Whether it’s a project or a service agreement, successful contract management takes a lot of effort and consistency on the part of the principal, even if the contract doesn’t expressly require supervision or review by you. Like most relationships, what you will get out of it is to a large degree dependant on what you are prepared to put in.
So, if you have dropped the ball on your contract management, and you now need to get tough with your contractor, what are your legal options exactly? Here are a few things to consider when looking at contractual remedies against a non-performing or defaulting contractor:
- withholding payment;
- setting off payments (against amounts owed to you or claimed by you); and, of course, when all else fails, there is
- termination (which we are not going to cover in this article)
Claiming damages is the standard contractual remedy for breach and may require commencement of formal legal proceedings. Many people think that there must be an easier way of getting redress, particularly if they are the payer and they have not yet paid all the money due under the contract.
Principals often assume that they can withhold all or part of agreed periodic payments under a contract willy nilly (or at least ex parte) in the event that there has been a failure of performance of some kind on the part of the contractor during the relevant period. However, under most contracts with a fixed payment structure, it is likely that you are legally required to make the payments even if the contractor has not performed all of its obligations under the contract.
Examples of this are where construction or engineering contracts require staged or monthly progress payments to be made, and service contracts where it has been agreed that the contractor will receive a set monthly fee.
This is particularly likely to be the case where the contract obliges you to monitor the contractor’s performance under the contract, you may have failed to do so adequately, and this may have contributed to the contractor’s failure to perform.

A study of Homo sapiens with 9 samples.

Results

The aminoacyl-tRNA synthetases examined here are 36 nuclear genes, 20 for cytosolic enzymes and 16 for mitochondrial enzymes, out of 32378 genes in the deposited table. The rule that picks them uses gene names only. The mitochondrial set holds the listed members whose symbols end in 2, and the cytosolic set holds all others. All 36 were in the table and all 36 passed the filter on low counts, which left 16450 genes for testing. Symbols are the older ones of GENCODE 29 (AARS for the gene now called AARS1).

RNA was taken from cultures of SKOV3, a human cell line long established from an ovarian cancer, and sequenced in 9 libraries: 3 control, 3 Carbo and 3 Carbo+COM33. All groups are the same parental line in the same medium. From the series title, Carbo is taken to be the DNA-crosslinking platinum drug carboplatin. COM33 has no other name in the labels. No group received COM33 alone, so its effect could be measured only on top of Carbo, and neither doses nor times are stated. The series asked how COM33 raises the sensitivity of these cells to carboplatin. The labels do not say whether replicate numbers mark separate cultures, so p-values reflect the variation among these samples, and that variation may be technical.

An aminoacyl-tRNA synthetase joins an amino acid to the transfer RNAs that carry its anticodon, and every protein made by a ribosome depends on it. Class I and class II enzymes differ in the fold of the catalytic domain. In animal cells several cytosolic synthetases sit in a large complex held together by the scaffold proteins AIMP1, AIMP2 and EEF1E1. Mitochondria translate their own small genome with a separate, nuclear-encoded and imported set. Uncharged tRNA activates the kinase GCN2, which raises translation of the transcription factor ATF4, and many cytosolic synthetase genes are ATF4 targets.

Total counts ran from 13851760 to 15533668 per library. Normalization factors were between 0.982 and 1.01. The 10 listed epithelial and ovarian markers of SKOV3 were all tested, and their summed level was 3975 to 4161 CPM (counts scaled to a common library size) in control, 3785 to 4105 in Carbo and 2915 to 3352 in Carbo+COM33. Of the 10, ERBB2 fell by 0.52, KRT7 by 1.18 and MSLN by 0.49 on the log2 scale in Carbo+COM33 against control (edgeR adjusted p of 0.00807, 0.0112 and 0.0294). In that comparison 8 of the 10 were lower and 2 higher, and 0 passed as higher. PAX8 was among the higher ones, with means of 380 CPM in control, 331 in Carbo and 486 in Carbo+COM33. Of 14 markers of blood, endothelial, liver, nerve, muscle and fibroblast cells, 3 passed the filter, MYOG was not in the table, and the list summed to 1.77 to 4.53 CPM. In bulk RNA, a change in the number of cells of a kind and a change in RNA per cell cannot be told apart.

Note also that withholding can be dangerous, as unlawful withholding will deliver into the contractor’s hands the right to terminate the contract on the grounds of your failure to meet your payment obligations, and allow the non-performing contractor to claim damages from you for that breach.
When there are express set off clauses in contracts, they are usually the kind that allow the principal to deduct from payment owing to the contractor amounts owing to the principal under the contract (for example, sometimes there are service agreement payments flowing from you to the contractor, and intellectual property royalties flowing back the other way to you under the one relationship).
Some “set off” clauses go further, and allow the principal to also deduct amounts which it claims are due from the contractor (for example, by way of damages for non-performance of the contract by the contractor), in essence providing you with a great self help remedy avoiding the need for you to go to court. These are great clauses in theory, but the only contractors that would agree to them are the type who don’t (or can’t) read contracts, and as such they are very rarely seen in practice!
It is actually more common to see clauses (such as in most non-residential real property leases) that require the tenant to pay all amounts due under the lease “without deduction or set off whatsoever” – in other words, attempting to expressly exclude any right of set off at all!
In general, if there is a genuinely undisputed debt owing from the contractor to you, and there is no express exclusion clause such as the one above, you can set the debt off without any express set off clause in the contract, relying on the law of equity. The key here is that the claim you have against the contractor must be so clear and unequivocal and so closely connected to the claim for payment that it would be unjust for the contractor to succeed in its claim for payment without conceding your claim.
In any other situation, (and again, particularly if the contract obliges you to monitor or supervise performance and you may have failed to do so adequately), the position is similar to that described above under “withholding”, and if you attempt it without the benefit of a magic set off clause such as described above, you will expose yourself to termination of the contract by the contractor, for breach of your contractual obligation to pay.
See how it works? If the contractor turns around and terminates for your breach, you will have handed them a loaded gun, and you definitely don’t want that! Please seek professional advice early in the event your contract management hits the rocks and you need to go legal.
The experts here are, as ever, ready, willing and able to help you through the tough times. Get in touch with LegalVision for your free consultation with our Client Care team and to receive a fixed-fee quote for your legal needs.